Study examines relationship between grades and appearance

With apps like “Hot or Not,” that allow peers to rate one another based on looks alone, it should be no surprise how much emphasis is placed on a person’s appearance.

Does this extend into the college classroom? According to one study, it does.

Metropolitan State University of Denver Associate professor Christina Peters and co-author Rey Hernandez-Julian conducted a study asking individuals over 18, who did not work at or attend the university, to rate identity card photos of students on a scale of 1 – 10.

Peters and Hernandez-Julian also examined 168,000 course grades awarded to those same students, using ACT scores to show academic ability. The study found young women considered pretty had a 0.024 increase in grades on a 4.0 scale, earning grades that are 0.005 higher than average-looking students.

However, in online classes, where students cannot be seen, more attractive students perform relatively worse than in traditional environments.

While the results are related, it is unknown what is causing the group of attractive students to have higher grades, said professor of sociology Alex Takeuchi. Many different factors can be contributing to the results.

“Many studies indicate people who are better looking tend to have better treatment in society, and they tend to have slightly better opportunities,” he said. “They are more likely to succeed, perhaps because they have better opportunities, and they are treated probably more positively because of their looks.”

The study cannot be described as scientific research, said Vice President of Academic Affairs John Thornell.

“For example, it said (the authors) examined photo ID cards. That is going to be pretty unscientific. I know lots of students who don’t put too much effort into their ID cards.”

Thornell said this seems to be more of a societal issue with its objectification of women and its elevation of appearance.

“I think this really is more of a question for society in general than it is for UNA and grades of students based upon appearance,” he said. “I think it does raise the whole issue of how our society puts value on appearance in things such as job interviews or how you get waited on in a restaurant maybe.”

Rating peers on a physically attractive level starts at a young age, Takeuchi said.

“The entire social psychological study on physical attractiveness was actually by accident,” he said. “Child psychologists found those kids in preschool that have higher adjustment tend to have a higher physical attractiveness level rated by their peer kids.”

Cross-cultural and cross-racial studies, using photos of the same people, indicate people will consistently rank those people in similar order of appearance, Takeuchi said.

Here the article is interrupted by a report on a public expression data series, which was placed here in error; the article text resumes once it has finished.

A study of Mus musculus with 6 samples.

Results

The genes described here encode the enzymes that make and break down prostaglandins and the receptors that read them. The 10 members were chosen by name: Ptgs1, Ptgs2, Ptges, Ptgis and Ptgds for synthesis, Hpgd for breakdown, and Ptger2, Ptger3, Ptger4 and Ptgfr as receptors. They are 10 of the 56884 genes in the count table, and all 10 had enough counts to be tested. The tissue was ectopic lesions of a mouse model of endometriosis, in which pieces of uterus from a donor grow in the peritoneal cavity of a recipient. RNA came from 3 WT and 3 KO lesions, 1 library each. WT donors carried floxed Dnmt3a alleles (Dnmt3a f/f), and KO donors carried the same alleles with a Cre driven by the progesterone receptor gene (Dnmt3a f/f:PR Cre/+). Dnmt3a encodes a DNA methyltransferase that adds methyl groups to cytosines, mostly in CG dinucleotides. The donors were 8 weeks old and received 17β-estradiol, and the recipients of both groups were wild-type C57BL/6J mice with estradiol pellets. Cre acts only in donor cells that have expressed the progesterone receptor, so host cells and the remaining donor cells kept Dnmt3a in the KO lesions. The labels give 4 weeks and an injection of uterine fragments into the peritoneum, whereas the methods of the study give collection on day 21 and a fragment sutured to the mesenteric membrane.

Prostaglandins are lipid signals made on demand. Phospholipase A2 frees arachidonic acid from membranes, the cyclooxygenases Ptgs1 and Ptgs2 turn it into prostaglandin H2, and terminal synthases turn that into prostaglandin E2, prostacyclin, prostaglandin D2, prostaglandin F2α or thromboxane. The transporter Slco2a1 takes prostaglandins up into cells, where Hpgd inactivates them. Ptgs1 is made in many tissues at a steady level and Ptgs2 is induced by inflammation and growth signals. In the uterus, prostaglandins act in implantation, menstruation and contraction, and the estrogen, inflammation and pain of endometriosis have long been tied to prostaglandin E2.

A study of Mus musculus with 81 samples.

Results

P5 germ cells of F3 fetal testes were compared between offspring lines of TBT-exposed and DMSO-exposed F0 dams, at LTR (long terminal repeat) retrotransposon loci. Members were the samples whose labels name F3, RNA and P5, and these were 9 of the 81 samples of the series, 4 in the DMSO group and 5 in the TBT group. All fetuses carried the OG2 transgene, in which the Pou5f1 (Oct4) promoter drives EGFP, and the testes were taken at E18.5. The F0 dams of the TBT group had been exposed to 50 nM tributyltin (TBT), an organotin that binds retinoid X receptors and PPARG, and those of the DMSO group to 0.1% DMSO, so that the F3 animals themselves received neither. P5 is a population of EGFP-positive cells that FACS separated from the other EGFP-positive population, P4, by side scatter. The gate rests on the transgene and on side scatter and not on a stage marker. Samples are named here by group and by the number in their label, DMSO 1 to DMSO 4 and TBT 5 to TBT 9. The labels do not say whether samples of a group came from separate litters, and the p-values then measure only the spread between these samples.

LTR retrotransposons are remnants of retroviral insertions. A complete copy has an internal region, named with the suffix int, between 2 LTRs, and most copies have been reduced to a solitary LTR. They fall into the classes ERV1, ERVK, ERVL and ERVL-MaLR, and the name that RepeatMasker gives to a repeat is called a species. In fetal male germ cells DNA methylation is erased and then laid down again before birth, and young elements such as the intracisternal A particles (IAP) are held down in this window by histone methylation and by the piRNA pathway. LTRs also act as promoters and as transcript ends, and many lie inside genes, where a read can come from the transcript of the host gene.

“The implication is humans can tell who is good looking and who is not good looking,” he said. “We tend to have some kind of standard, which can dynamically change depending on popular culture and popular trends.”

Studies show people who are in better positions in terms of financial and other social resources tend to perform better in school, Takeuchi said.

Students whose parents pay for school tend to perform better than students who juggle two or three part-time jobs, school and studying, he said.

The name for the concept of how people form an impression of someone just on their physical appearance is called the halo effect, said Merchandising instructor Laura McKee.

“The halo effect is actually a term in psychology, but we talk about it in our professional dress class,” she said. “It talks about (how) the first time you meet someone, you sum up their talents and traits just by the way they look.”

It occurs with both males and females, she said.

Senior Steven Webber said this holds true for his job at Longhorn Steak House.

“How I look reflects the tips I receive,” he said. “A three-day scruff receives the best tips, even more than being clean-shaven.”

McKee said she asks her students if they make assumptions about their instructors on the first day of class as to what kind of teacher they will be based on their physical appearance. The answer is yes.

Thornell said the university should do all it can to help students feel equal in the classroom.

“(This study) does raise an interesting question and that is just simply making sure when a student is sitting in a class that they feel that they’re being treated just like any other student in that class,” he said. “That faculty member is judging students based purely on their performance in class, and I believe that the faculty at UNA are very good about that.”

Senior Avery King said she does not think there is any relation between looks and grades.

“I personally don’t agree with it. I think in order to get a grade you have to work hard to get a grade.”

Thornell said this issue plays into how women are seen, and the change from this viewpoint should begin here at the university.

“We can’t help but treat people certain ways based on how they look, and I think that is unfortunate,” Thornell said.